Everything has to start someplace. Historians will note that the revival of track and field in the United States began Wednesday, April 20, 2011, right here in Lawrence, on Eighth Street, 80 feet or so east of New Hampshire.
And about 2,500 curiosity-seekers can say they witnessed it.
The guys who will bring back the sport’s popularity won’t do it on fields inside the boundaries of all-weather tracks. They’ll do it at venues built for a day at downtown sites, just like the one constructed Wednesday and scheduled for dismantling this morning.
Shot putters are easy to spot. They’re the men whose arms make Popeye’s look like twigs. They have tree trunks where most men have necks. Not only that, they have personalities. They like to tell their stories, enjoy signing autographs and even openly recruit spectators to pump up the volume. Think Tiger Woods. Now think total opposite. They’ll be the guys to bring back the sport by taking it to the people.
Credit Kansas Relays director Milan Donley for coming up with the idea of having the nation’s first downtown shot put — inspired by the success of similar European shows — and for joining hands with the city of Lawrence to seamlessly execute a smart plan.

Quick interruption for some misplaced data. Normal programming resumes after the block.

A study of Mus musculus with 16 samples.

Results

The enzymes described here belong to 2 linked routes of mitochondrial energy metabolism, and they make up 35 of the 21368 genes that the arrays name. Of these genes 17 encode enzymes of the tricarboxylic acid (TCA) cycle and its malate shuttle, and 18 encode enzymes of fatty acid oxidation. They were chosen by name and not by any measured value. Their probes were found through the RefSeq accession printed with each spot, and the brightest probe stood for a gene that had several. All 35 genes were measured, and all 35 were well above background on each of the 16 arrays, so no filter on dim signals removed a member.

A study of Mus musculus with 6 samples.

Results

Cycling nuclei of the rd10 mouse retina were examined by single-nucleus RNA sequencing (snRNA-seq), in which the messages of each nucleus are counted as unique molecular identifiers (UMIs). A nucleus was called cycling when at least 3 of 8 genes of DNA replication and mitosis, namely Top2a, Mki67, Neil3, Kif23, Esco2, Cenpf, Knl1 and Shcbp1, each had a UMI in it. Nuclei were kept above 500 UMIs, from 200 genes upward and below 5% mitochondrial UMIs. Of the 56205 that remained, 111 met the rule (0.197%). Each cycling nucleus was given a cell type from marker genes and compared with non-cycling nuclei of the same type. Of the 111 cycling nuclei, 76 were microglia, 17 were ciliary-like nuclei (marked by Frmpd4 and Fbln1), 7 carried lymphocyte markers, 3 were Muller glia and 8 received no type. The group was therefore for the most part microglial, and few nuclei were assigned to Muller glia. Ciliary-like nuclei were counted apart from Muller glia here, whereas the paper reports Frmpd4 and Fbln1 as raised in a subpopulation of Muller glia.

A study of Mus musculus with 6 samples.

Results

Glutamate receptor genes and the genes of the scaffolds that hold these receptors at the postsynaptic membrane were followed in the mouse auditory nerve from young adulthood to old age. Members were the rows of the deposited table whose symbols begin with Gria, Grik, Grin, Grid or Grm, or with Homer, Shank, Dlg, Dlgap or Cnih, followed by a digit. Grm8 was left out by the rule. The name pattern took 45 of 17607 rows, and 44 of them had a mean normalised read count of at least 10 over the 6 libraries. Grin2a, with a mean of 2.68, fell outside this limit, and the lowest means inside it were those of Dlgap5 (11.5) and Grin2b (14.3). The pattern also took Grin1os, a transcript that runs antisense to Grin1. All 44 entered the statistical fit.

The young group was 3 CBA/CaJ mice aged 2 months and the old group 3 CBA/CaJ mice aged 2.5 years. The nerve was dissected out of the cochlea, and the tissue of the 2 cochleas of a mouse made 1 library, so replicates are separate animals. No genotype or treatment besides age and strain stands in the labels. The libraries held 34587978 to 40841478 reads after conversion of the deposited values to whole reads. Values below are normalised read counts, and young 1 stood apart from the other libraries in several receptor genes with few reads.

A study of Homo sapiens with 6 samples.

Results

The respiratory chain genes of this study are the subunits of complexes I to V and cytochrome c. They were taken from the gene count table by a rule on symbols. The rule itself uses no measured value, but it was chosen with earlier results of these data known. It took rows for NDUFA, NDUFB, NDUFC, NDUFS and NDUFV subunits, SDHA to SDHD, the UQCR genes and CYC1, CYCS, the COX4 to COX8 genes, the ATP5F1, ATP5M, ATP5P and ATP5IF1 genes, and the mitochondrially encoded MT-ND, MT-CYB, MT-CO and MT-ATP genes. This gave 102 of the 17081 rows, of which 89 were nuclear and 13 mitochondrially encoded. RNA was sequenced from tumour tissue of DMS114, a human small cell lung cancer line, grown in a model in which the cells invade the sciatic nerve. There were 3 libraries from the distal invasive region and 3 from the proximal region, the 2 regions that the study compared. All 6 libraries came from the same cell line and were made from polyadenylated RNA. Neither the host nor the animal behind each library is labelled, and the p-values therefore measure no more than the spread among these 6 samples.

If I could have lost a pound for every time I heard while having a nice sidewalk dinner on Mass Street someone say what a great time they had at the shot-put show, I could start training to run in marathons today.
Kudos to the world-class field for accepting smaller appearance fees (the highest were $8,000) and a smaller purse ($1,000 to winner Dylan Armstrong) than they get in Europe. The pay will grow in step with the popularity. These guys get that.
People stood eight- to 10-deep along both sides of the street. Spectators from nearby buildings opened second- and third-story windows to take in the action.
Such a smashing debut means sponsors will line up to back the event a year from now, should Donley manage to pull it off again.
The crowd, which at first didn’t understand that it didn’t have to behave as if it were witnessing Tiger standing over a three-foot putt, was brought out of its shell by Adam Nelson, the veteran whose trademark is to rip off his warm-up shirt before every put of the shot. He exhorted the spectators to get louder by cupping his ear and raising his arms.
One man catching the action from a second-story window rooted loudly for the aptly named Armstrong — his right arm is strong — and at one point hollered, “Throw it like it’s a ping-pong ball. Wait a minute, a ping-pong ball wouldn’t go very far. Never mind.”
Later, that same man could be seen getting Armstrong to autograph one of the three $5 bills he won by selecting the winner in an impromptu draft he had with a couple of buddies. After about the fifth time the man said, “Thanks, Adam,” Armstrong finally corrected him: “Hey, man, my name is Dylan.”
Oh well, while knowledge lacked, passion did not. As for vibrant downtown Lawrence, it made for the pluperfect place for Day 1 of track and field’s return to prominence.